The study, based on computer models created by a team of ecologists from three universities, modeled the effects of higher temperatures on fires. It centered on the Greater Yellowstone Ecosystem, which includes both Yellowstone and Grand Teton national parks as part of 20 million acres in Wyoming, Montana and Idaho. Special emphasis was on the health of forests: mostly lodgepole pines, but also including Ponderosa pine, Douglas fir, spruce fir, aspen and whitebark pine.
There’s already been much discussion and litigation over the fate of the whitebark pine; most recently the U.S. Fish and Wildlife Service held that although the whitebark pine is in peril, endangered-species protections would not be extended.
The new study went far beyond the whitebark pine. In a paper published yesterday in the Proceedings of the National Academy of Sciences, the effect of warmer temperatures on lodgepole-pine fires was examined and how they affect the entire ecosystem.
Traditionally, lodgepole-pine forest fires in Yellowstone are intense affairs, with entire forests consumed by intense flames — intense flames needed to open pine cones needed to create the next generation of lodgepoles. Lodgepoles are stubborn pines, hanging onto their slow-growing cones while other pines easily drop them regularly. Intense heat causes the lodgepole cones to pop open on the ground and release their seeds. This cycle is needed to keep forests healthy, and the resulting regeneration takes decades to take root. We’re talking about major wildfires of over 500 acres in size.
“The vegetation really needs about 90 years to fully recover,” said Erica A. H. Smithwick, assistant professor of geography and ecology in Penn State’s College of Earth and Mineral Sciences, and principal investigator on the project, “although there would probably be some cones at 15 years and more at 30 and 60 years. We need to know more about the forest’s capacity to recover rapidly under frequent fire conditions.”
If you map the history of wildfires in Yellowstone, you’d find that in years when temperatures are higher by just a small amount — 2 degrees Fahrenheit — you’ll also find more incidents of large fires. (Makes sense: warmer years are usually dry years as well.) Now, the sampling is just a speck in the sands of time — the records run between 1972 and 1999 — but it’s been correct in recent years, and so it was extended out to 2099.
“Large, severe fires are normal for this ecosystem. It has burned this way about every few hundred years for thousands of years,” said study author Monica Turner, the Eugene P. Odum Professor of Ecology at the University of Wisconsin-Madison and a landscape ecologist who has worked in the Greater Yellowstone area for more than 20 years. “But if the current relationship between climate and large fires holds true, a warming climate will drive more frequent large fires in the Greater Yellowstone Ecosystem in the future.”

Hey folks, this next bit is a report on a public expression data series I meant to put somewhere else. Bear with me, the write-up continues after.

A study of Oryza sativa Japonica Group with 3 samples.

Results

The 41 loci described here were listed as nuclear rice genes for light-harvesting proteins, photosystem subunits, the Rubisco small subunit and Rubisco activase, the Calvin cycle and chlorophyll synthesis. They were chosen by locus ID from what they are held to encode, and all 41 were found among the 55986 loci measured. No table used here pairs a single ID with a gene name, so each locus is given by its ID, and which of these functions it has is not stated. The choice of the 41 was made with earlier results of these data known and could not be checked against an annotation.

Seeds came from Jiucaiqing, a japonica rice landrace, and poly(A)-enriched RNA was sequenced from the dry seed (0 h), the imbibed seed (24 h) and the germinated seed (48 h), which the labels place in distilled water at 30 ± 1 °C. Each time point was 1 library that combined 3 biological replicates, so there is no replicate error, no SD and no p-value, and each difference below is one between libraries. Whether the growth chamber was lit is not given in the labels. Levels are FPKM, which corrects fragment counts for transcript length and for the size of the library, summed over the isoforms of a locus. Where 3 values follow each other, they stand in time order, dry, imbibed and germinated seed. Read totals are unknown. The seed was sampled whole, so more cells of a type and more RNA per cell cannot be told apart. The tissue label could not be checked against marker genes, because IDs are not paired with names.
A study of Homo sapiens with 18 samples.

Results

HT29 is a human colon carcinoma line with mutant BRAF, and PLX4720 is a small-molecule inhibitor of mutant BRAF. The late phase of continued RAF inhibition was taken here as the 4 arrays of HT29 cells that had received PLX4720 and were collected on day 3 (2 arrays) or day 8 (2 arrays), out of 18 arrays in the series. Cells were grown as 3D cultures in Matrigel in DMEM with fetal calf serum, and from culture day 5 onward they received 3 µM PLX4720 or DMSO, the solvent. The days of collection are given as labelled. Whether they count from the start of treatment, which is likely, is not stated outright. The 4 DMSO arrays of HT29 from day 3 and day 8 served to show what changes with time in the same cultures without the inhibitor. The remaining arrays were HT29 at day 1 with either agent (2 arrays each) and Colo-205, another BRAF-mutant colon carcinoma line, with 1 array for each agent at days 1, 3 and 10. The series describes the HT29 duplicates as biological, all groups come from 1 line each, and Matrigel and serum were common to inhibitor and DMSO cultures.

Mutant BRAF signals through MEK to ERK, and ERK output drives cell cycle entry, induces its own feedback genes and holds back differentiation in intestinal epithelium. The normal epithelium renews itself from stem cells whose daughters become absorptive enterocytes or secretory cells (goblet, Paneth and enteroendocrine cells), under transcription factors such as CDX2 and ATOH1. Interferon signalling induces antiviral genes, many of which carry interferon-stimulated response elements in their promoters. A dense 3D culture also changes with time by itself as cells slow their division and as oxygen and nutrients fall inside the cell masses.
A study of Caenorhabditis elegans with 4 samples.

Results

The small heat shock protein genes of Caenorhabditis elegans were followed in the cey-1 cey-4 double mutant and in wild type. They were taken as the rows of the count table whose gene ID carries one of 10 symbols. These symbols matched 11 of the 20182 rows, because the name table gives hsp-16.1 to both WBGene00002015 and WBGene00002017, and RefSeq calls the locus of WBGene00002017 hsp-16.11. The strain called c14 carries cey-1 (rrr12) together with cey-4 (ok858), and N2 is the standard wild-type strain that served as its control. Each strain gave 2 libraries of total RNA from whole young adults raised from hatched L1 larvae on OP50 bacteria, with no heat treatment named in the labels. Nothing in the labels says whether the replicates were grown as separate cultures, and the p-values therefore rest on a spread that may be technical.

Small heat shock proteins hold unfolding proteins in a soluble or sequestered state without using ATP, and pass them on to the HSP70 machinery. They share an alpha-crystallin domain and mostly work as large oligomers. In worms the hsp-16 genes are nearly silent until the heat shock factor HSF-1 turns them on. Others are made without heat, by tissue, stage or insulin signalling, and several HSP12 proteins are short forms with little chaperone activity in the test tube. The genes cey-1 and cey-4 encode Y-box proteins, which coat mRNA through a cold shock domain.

The result: as it ends up, it takes the right combination of higher temperatures and lack of moisture and summer precipitation to create the right conditions for large-scale wildfires. Add the wild card of windy conditions, and you’ve got the makings of a perfect storm. And those conditions, which rarely occurred over the last 200 or 300 years, will become more common in coming years, with the potential of becoming the norm by 2099.
“What surprised us about our results was the speed and scale of the projected changes in fire in Greater Yellowstone,” said lead author Anthony Westerling, professor of environmental engineering and geography, University of California, Merced. “We expected fire to increase with increased temperatures, but we did not expect it to increase so much or so quickly. We were also surprised by how consistent the changes were across different climate projections.”
Scientists who specialize in climate change say it only takes a degree or two for the Earth’s surprising fragile ecosystem to change; we’re seeing that with Yellowstone’s threatened whitebark pine. The model says we’ll see more change: while today the norm is to have a summer season with no major fires, by 2034 we’ll see major fires every 30 years and by 2099 the conditions will be ripe for major fires every summer.
Which is not sustainable: as lodgepole-pine forests are burned down, it takes decades for forests to recover, and if fires are more frequent, they may not get the chance. Nature abhors a vacuum, so there’s the chance more aggressive tree species like the fast-growing aspen and Douglas fir may fill the void; there’s also the chance the forest will become a permanent grassland. This then impacts other vegetation and animals used to protection under the lodgepole pines; their habitat is endangered.
This isn’t to say lodgepole pines will disappear forever from Yellowstone. Indeed, the scientists are quick to point out they’re working with a model that represents the best available data.
“Our research after the immense 1988 fires revealed surprises and tremendous resilience in Yellowstone’s ecosystems, and Yellowstone is likely to surprise us again in the future,” Turner says. “It is an incredibly valuable natural laboratory for studying how natural ecosystems adapt to changing environmental conditions.”
Also participating in this research were Michael G. Ryan, research ecologist, U.S. Forest Service; and William H. Romme, professor emeritus, Colorado State University.
The Joint Fire Science Program, U.S. Forest Service Southern Research Station Joint Venture Agreement and the National Oceanic and Atmospheric Administration supported this work.
Image from the 1988 Yellowstone National Park fires courtesy of the National Park Service.